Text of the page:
What Is The Central Conflict In The Story "two Kinds" By Amy Tan?
In the story "Two Kinds" by Amy Tan, what is the conflict between Jing-mei and her mother?
The conflict between Jing-mei and her mother is over Jing-mei’s piano lessons. Jing-mei does not want to play anymore, but her mother wants her to become a prodigy.
When Jing-mei’s mother decides she should be a prodigy, Jing-mei is on board at first.
"Of course, you can be a prodigy, too," my mother told me when I was nine. "You can be best anything…”
Jing-mei is interested in being a prodigy. She plays along for a while, trying to become some kind of prodigy. It doesn’t take, and Jing-mei gets frustrated. When her mother tries to get her to take piano lessons, she is not excited.
"Why don't you like me the way I am?" I cried. "I'm not a genius! I can't play the piano. And even if I could, I wouldn't go on TV if you paid me a million dollars!"
But Jing-mei’s mother insists, and she starts the lessons with the elderly—and deaf—Mr. Chong. Unfortunately, she figures out that she does not really have to learn anything pretty quickly. As a result, her first concert is an embarrassment for Jing-mei and her mother.
Jing-mei and her mother have a big argument when her mother tries to get her to continue playing the piano after the disastrous conflict. Her mother drags her to the piano bench to practice, and Jing-mei tells her she wishes she was dead like her twin babies in China. Her mother is so saddened that she drops the issue.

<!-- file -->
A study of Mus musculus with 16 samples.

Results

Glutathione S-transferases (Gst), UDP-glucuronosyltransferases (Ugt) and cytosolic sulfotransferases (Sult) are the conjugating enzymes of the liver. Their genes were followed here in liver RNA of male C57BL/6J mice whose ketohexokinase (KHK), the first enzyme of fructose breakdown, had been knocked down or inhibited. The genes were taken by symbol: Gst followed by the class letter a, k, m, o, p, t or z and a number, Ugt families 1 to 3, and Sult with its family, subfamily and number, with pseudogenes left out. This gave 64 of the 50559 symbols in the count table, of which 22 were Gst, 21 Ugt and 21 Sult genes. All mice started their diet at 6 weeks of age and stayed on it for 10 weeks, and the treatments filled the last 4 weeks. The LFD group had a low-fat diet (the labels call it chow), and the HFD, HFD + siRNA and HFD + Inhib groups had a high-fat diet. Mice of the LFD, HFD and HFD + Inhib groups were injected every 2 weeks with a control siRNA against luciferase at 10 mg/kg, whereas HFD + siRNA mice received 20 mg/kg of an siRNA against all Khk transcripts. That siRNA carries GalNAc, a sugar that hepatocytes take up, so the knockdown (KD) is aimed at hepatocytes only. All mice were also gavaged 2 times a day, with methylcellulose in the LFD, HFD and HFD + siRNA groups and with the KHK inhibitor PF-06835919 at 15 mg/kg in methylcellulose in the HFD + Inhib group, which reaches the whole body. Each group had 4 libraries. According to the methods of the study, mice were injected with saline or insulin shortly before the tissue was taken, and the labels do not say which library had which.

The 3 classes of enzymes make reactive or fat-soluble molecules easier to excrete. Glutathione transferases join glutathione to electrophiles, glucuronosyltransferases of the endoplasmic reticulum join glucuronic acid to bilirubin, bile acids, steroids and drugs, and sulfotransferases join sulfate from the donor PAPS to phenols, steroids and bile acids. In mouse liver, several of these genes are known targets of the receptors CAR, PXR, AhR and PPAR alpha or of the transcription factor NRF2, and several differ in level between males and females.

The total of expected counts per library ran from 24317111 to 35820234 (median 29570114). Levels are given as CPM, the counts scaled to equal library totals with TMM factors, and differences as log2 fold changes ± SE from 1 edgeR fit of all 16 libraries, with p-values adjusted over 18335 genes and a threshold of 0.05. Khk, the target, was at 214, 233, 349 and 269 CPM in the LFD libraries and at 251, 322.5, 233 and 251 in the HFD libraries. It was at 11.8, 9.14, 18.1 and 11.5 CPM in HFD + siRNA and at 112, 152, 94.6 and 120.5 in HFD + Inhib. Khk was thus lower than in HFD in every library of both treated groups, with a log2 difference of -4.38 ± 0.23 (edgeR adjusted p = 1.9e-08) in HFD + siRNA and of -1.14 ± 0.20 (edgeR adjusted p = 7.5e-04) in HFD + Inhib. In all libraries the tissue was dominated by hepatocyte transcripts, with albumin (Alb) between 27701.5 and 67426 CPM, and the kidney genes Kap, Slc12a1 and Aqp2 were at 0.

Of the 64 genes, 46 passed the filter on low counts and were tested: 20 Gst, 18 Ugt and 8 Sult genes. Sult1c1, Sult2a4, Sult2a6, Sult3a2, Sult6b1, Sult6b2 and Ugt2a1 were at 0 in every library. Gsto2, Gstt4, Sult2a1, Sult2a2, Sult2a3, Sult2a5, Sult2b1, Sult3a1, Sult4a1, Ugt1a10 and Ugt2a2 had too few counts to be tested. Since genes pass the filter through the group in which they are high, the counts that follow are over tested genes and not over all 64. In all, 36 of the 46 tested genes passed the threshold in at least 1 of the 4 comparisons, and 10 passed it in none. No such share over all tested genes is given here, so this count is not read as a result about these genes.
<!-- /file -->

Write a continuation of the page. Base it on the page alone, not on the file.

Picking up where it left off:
In "Two Kinds," the central conflict focuses on the issue of Jing-Mei becoming a child prodigy. On one hand, her mother believes in the American Dream, the idea that it is possible for a person to be anything they want to be in the United States. She is determined that Jing-Mei will become a child prodigy of some sort. At first, she believes her daughter can be a child star, a "Chinese Shirley Temple." Later, she tries to get Jing-Mei to become a master of the piano.
On the other hand, Jing-Mei is a girl who has very little interest in becoming a child star of any description. Although Jing-Mei goes along with her mother's obsession, she becomes increasingly frustrated and desperate for her mother to accept her for who she is. When her mother gives her the schedule for piano lessons, for example, Jing-Mei's frustration reaches its climax:
Why don't you like me the way I am? I'm not a genius.
It is this conflict which fuels the plot of the story and has a lasting effect on the mother/daughter relationship.